Bride price: Sale of woman or sign of love?
African cultures may be as diverse as day and night but one aspect that cuts across is payment of bride price before a wedding.
However, this tradition that has existed for ages has been increasingly criticized across the continent.
According to VOA, critics opine that it degrades women by putting a monetary value on a wife.
People are increasingly condemning the practice arguing over the perceived material value that is put on women during negotiation between the family of the bride and that of the groom before marriage.
Fiyabuna Penuel, a counselor, also posits that the increasing disdain for the practice could be attributed to the vain commercial venture that it has become.
In the past, she says, dowry payment was a matter of expressing appreciation and was accomplished by presenting even the simplest of gifts that one could afford: money was not a factor.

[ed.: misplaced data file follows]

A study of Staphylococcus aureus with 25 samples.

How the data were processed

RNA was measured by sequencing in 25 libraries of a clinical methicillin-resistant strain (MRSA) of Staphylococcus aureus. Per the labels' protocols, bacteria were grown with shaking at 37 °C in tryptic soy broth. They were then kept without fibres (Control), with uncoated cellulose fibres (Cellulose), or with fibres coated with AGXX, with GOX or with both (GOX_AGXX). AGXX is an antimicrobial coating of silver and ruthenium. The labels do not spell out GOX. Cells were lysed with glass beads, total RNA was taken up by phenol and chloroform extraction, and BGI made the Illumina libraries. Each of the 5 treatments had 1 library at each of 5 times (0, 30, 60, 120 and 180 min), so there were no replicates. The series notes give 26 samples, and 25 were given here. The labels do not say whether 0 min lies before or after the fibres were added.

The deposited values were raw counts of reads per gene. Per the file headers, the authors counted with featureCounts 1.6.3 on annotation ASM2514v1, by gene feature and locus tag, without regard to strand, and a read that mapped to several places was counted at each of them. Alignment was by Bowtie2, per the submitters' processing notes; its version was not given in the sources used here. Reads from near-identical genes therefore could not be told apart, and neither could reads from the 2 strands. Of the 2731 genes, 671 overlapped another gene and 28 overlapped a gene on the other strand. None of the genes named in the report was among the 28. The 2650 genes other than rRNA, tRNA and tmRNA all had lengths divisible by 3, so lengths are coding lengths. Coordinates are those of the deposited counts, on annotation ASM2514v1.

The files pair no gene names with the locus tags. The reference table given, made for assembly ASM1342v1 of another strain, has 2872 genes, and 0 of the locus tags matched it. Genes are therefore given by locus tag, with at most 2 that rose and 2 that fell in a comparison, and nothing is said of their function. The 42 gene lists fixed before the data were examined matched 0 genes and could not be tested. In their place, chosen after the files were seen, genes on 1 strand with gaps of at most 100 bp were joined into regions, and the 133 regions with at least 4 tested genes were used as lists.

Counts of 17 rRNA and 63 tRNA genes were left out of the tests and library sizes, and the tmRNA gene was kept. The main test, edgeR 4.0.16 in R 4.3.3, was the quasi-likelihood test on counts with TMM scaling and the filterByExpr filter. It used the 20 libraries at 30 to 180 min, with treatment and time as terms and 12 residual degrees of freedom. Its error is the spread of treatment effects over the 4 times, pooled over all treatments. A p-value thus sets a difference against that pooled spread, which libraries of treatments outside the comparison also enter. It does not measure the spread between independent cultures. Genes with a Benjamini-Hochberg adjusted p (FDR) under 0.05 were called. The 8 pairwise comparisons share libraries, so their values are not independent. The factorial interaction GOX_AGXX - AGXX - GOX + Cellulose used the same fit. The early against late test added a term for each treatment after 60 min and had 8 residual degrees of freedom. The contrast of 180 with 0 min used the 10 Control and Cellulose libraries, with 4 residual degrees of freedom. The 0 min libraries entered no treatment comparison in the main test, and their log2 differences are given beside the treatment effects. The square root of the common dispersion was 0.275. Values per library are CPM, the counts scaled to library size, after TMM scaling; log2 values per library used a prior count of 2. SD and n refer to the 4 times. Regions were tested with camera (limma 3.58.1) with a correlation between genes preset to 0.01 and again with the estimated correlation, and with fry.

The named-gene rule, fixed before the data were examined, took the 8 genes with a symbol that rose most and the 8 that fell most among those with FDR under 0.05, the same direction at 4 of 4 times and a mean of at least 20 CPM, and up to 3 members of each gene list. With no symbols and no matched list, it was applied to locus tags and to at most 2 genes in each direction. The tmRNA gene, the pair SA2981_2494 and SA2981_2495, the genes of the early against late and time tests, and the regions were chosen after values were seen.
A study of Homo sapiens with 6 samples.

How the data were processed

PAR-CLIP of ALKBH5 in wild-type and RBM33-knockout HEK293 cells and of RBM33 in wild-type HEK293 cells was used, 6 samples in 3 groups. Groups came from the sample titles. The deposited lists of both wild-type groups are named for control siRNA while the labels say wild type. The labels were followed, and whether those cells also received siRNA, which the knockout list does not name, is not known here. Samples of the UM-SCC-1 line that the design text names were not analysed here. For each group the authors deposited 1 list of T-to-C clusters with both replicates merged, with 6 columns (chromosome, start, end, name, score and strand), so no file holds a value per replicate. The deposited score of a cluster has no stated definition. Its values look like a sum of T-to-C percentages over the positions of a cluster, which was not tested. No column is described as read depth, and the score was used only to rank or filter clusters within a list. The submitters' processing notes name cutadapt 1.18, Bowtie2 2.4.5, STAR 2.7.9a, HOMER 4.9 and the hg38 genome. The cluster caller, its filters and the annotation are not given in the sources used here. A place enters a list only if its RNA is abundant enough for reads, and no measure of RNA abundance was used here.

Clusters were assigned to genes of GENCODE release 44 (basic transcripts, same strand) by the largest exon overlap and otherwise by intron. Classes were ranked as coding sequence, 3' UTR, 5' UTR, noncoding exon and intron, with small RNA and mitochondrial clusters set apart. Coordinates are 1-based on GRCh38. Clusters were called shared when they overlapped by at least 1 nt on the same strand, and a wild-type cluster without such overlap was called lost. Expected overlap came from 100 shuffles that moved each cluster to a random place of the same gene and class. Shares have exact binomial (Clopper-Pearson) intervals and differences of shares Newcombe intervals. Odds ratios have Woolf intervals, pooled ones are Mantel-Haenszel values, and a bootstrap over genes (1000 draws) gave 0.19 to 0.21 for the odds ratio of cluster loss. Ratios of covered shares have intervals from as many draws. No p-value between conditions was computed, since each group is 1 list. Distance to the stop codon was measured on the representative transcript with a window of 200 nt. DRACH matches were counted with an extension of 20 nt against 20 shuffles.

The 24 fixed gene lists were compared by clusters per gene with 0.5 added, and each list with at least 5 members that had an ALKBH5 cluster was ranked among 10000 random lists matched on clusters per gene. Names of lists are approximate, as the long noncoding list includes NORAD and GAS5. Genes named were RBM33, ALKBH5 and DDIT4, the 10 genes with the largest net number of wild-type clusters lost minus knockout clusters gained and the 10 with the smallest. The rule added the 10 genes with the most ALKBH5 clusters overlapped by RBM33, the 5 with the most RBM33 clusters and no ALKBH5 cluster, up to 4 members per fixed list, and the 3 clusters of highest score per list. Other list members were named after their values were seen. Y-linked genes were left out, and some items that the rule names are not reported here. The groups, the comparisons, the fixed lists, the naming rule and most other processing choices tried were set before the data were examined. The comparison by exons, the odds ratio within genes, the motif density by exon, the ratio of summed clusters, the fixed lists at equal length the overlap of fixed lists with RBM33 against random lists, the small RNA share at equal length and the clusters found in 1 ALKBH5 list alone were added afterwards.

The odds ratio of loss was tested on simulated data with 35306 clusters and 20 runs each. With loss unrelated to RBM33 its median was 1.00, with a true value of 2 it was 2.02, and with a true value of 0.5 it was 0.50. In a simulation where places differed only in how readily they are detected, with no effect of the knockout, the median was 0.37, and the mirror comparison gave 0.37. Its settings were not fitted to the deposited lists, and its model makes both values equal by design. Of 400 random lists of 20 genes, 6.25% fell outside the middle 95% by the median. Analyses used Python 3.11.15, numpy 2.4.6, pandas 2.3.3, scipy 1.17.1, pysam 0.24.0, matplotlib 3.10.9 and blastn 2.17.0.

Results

In modern times however, the situation has changed and paying bride price has become booming business.
Some families are said to take advantage of their future in laws by forcing them to dig deeper into their pockets.
The situation is so dire that some are forced to even take bank loans.
In Nigeria, a girl set herself on fire when it became apparent that her boyfriend could not afford to pay a bride price of 17,000 Naira (Ksh. 4,818).
Those for the practice however maintain that bride price brings honor to both homes.
Dr Agatha Ukata, an African Literature scholar, insists that radical feminist ideology and inaccurate perception from the West is to blame for materialism.
The payment of bride price, Ukata says is not the sale of a woman but a sign of love.